In the semisimple simply connected case, this affine Weyl group is a Coxeter group. In the general setup I have here, the affine Weyl group is no longer a Coxeter group, but shares some properties of Coxeter groups. For example one can still define a length function, and considering an Iwahori subgroup of a loop group, we get something that looks like it wants to be a BN-pair/Tits system (but isn't, since we don't have a Coxeter group).

Since the axiomatic setup of Coxeter groups and BN-pairs is so convenient, I ask if there has been developed a generalisation of this setup to include the affine Weyl groups I mention above. I have some vague feeling that this should include some sort of 'disconnected' (I am thinking in the algebraic group sense when I use this word) Coxeter group, where the connected component is a genuine Coxeter group.


In the abstract Bourbaki set-up, the affine Weyl group is defined to be a semidirect product of an irreducible Weyl group with its coroot lattice. This is naturally a Coxeter group, characterized in terms of its positive semidefinite Coxeter matrix. The basic theory is developed independently of applications in Lie theory, but is directly usable if you start with a connected semisimple algebraic group (over an algebraically closed field) and require its root system to be irreducible of type A, B, etc. Most of the time this causes no trouble. While it is natural to work with a connected reductive group, people often use the expression "affine Weyl group" too loosely in this general context. For example, the standard features of alcove geometry require irreducibility. Otherwise you have to deal with products of simplexes, etc. In any case, the difference between reductive and semisimple groups such as general linear and special linear is sometimes significant.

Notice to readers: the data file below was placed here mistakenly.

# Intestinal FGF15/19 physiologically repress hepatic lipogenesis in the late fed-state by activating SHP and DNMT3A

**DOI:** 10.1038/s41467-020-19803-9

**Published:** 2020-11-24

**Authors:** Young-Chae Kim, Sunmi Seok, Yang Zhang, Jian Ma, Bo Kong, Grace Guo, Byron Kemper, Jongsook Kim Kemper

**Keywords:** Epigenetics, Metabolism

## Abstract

In the Iwahori-Matsumoto (or Bruhat-Tits) setting over local fields, a more intrinsic affine Weyl group occurs directly within the structure of the group itself. Here one has to be cautious about applying abstract Coxeter group theory or BN-pair theory, as I believe most authors are. Already in the proceedings of the 1965 Boulder AMS summer institute, Iwahori had to formulate a more complicated "generalized BN-pair" formalism for this situation. I'm not sure what has become standard by now in the literature.

In other situations (the classical study of compact Lie groups, or the later application of affine Weyl groups in modular representation theory starting with Verma) there is usually no difficulty about specializing to the irreducible case. Here the affine Weyl group lives outside the actual group under study. This is the situation I'm most comfortable with.

You need to make precise the setting in which you really want to study reductive groups, in order to adapt the Bourbaki language and results. There are several distinct issues here: 1) Extra care is needed in treating disconnected algebraic groups such as orthogonal groups, or in treating reductive rather than semisimple groups. 2) Adjoint groups, simply connected groups, and the occasional intermediate type: not all details of structure are exactly the same. 3) Most important for working over local fields is the natural use of an "extended affine Weyl group" (as in much of Lusztig's work involving Hecke algebras, cells, etc.). Here you start with the Bourbaki version of the affine Weyl group (a Coxeter group) and form a semidirect product with a finite group $\Omega$ isomorphic to the weight lattice mod root lattice (universal center). This amounts to working with a semidirect product of the Weyl group and the full (co)weight lattice rather than the (co)root lattice. Fortunately it's easy to extend notions like length function to this extended group.

EDIT: Besides Bourbaki's treatment of Coxeter groups and root systems (1968), foundational papers from that era include Iwahori-Matsumoto (IHES Publ. Math. 25, 1965), at, and Iwahori's 1965 article in the AMS Boulder proceedings, followed by much more technical work by Bruhat-Tits. Lusztig has written many technical papers on extended affine Weyl groups and corresponding affine Hecke algebras, including his four part series on cells in affine Weyl groups and later work on multiparameter cases. Much of this work is motivated by reductive groups over local fields, as well as the modular representation theory of reductive groups and their Lie algebras (where "linkage" of weights appears at first relative to an extended affine Weyl group).


I don't think I've ever seen it written down systematically, but it definitely could be. Many papers I've read use the almost-Coxeter theory either without any comment whatsoever, or they say something like "this generalized axiom we just used follows easily from the corresponding honest BN-pair axiom".